Published: August 12, 2008
Goosefare Antiques & Promotions filled Camden Regional High School’s gymnasium and cafeteria with antiques for the Camden-Rockport Historical Society Antiques Show July 19′0.
Show promoter John DeSimone was especially pleased with the large number of visitors arriving Saturday morning “with an intention to acquire some antiques. We saw a good amount of furniture going out early, and the dealers were reporting satisfying sales totals to me all through the weekend.”
The site on Maine’s Mid-Coast region is about two and a half hours from Portsmouth and three from Boston suburbs, just far enough, say residents, to be a prime area for vacation and second homes. The 60-some dealers were offering a good selection of antiques, especially with an American country flair to satisfy buyers’ hunts.
The Reynolds are collectors, as well as dealers, residing in Bath, Maine. Phil has been acquiring rare books for most of his adult life, with an emphasis on sports topics, while Beverly has been collecting American handcrafts, folk art and early decorative. Bev was offering for the weekend event many varieties of earthenware, several early braided rugs, some treenware and even early fine art.
Bud Tully trades in small antiques with a variety to attract attention from the passing show guests. His offerings included European porcelain in working pieces, such as plates, bowls and cups and saucers, many with painted decorations but also a selection of wooden antiques, some useful, others merely decorative conversation pieces.
He was also offering a birdhouse that resembled a hilltop cottage in the Austrian Alps and a red painted side chair, too small for even the youngest child but just right for the average Raggedy Ann or Andy, too, for that matter. Tully also offered early silver for the dining table with serving pieces, flatware and hollowware.
Polished to a bright shine were the pairs of brass candlesticks offered by Ester Gilbert Antiques of Southampton, Mass. The business named for dealer Sue Kozub’s mother was also offering a selection of early English transferware, bright shining copper tea kettles, pewter and woodenware. One item was a games board for Chinese checkers with the early clay marbles included.
Clocks are the favorite collection for Harry Hepburn. He and his wife Barbara have been trading with them for many years at shows and from their home in Harrison, Maine. Their full inventory includes fine early American furniture and household accessories.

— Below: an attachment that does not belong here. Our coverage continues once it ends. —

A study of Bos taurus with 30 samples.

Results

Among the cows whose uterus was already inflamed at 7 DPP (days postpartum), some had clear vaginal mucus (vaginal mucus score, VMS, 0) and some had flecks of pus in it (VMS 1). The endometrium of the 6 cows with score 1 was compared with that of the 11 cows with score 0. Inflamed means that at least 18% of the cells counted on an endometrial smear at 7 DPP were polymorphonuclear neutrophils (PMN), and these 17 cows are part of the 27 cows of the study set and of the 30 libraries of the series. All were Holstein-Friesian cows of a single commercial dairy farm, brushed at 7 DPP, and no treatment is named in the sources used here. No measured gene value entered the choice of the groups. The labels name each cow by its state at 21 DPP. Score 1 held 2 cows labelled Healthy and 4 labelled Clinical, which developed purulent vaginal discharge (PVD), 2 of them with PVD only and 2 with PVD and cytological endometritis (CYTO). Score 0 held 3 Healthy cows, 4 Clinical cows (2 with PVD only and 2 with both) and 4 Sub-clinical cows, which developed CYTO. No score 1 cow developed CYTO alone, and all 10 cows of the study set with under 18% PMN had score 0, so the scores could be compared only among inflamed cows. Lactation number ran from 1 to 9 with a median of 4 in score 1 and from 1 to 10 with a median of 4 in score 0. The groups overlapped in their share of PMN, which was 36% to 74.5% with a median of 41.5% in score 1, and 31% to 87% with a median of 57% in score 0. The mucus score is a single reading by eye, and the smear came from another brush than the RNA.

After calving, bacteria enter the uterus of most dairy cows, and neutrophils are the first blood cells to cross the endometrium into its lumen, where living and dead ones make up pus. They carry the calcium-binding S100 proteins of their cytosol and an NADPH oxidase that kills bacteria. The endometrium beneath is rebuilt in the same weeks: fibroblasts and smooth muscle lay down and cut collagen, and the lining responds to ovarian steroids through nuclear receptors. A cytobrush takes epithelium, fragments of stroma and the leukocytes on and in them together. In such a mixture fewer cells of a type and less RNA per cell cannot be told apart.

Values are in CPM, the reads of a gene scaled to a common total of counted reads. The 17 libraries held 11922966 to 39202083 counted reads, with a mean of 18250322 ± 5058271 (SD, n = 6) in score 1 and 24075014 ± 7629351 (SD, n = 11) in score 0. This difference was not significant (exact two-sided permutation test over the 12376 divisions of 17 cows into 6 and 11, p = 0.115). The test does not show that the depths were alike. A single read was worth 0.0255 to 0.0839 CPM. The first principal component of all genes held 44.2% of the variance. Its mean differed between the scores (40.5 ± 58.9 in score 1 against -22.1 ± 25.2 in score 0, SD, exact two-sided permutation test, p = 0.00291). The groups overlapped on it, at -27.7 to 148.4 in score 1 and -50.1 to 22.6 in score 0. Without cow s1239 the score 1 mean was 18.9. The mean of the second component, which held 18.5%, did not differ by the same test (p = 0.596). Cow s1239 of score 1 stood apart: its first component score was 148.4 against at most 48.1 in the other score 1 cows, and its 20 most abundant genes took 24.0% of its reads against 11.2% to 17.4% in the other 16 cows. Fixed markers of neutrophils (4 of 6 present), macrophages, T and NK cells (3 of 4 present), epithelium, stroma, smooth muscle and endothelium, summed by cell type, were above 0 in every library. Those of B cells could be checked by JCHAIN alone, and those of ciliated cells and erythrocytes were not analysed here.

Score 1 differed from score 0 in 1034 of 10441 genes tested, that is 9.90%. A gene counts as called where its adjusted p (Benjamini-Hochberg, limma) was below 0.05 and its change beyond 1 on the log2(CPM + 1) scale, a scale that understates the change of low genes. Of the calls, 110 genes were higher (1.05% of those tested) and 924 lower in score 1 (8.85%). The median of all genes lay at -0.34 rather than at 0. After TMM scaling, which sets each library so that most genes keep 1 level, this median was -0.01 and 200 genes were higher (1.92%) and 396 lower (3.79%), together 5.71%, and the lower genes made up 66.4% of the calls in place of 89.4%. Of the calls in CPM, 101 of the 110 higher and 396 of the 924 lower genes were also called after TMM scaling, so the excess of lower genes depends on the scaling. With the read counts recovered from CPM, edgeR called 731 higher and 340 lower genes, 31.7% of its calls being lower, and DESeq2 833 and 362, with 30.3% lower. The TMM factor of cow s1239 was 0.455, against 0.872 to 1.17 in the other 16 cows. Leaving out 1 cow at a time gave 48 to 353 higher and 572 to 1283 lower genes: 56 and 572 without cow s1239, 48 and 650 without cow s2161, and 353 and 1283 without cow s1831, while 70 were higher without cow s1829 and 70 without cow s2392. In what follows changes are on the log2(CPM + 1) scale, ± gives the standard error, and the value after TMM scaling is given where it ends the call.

Only small objects were in Louise Hardie’s exhibit at the show. She carries an assortment of small interesting antiques, including an early metal tea caddy painted to simulate a leather or fabric covering. She also trades in ships in bottles, small art and folk art and Black Forest items.
There were several early shell decorated boxes, also known as sweetheart boxes and highly desirable. Malchione’s Sporting Antiques of Chadds Ford, Penn., had several good examples to offer.
Woodstock, Maine, dealer Patricia Ann Breame showed several pieces of furniture, including an unusually small settle bench. Painted white, it was only large enough for two small toddlers; it had a candle sconce in the middle for light.
Coming from Wiscasset, Maine, Patricia Stauble featured an assortment of furniture, household accessories and folk art. The centerpiece of her exhibit was a small house, about 4 feet tall, in several parts with bright blue and white paint decoration. From her shop, she also offered a selection of early New England furniture.
Retired from the Army, Richard Suydam and his wife Shelly moved to Ellsworth, Maine, just a few years ago and continue working as dealers in antiques shows. At this show, they offered a collection of fine jewelry, early American art and folk art and furniture. A large dough box in blue milk paint was the centerpiece of their furniture, along with a cottage pine chest of drawers for a Jenny Lind bedroom set and several lamps made from antique Chinese ginger jars.
Hooked rugs were available from several of the exhibiting dealers but Teachers Antiques, Harpswell, Maine, had an early hooked rug pattern that showed an owl in a treetop with other decorations, but there was not a single stitch in it. Maureen Fenton said it was late Nineteenth Century, but had lived all its life in the bottom of a drawer somewhere.
Witts End Antiques traveled from Wallkill, N.Y., for the show with a large collection of furniture. Chris and Karen Doscher reported good sales from their inventory, which included a painted sea chest with a flying eagle on the face, a candlestand in black paint, a small chest of drawers and several game boards.
The show has a long history as a fundraising event for the historical society and Goosefare has been running it since the start. The show is usually the second weekend after the Fourth of July, so check with John DeSimone for next year’s date. Goosefare also runs several other shows all in the summer, including Boothbay Harbor and several on Cape Cod. For more information, www.goosefareantiques.com or 800-641-6908.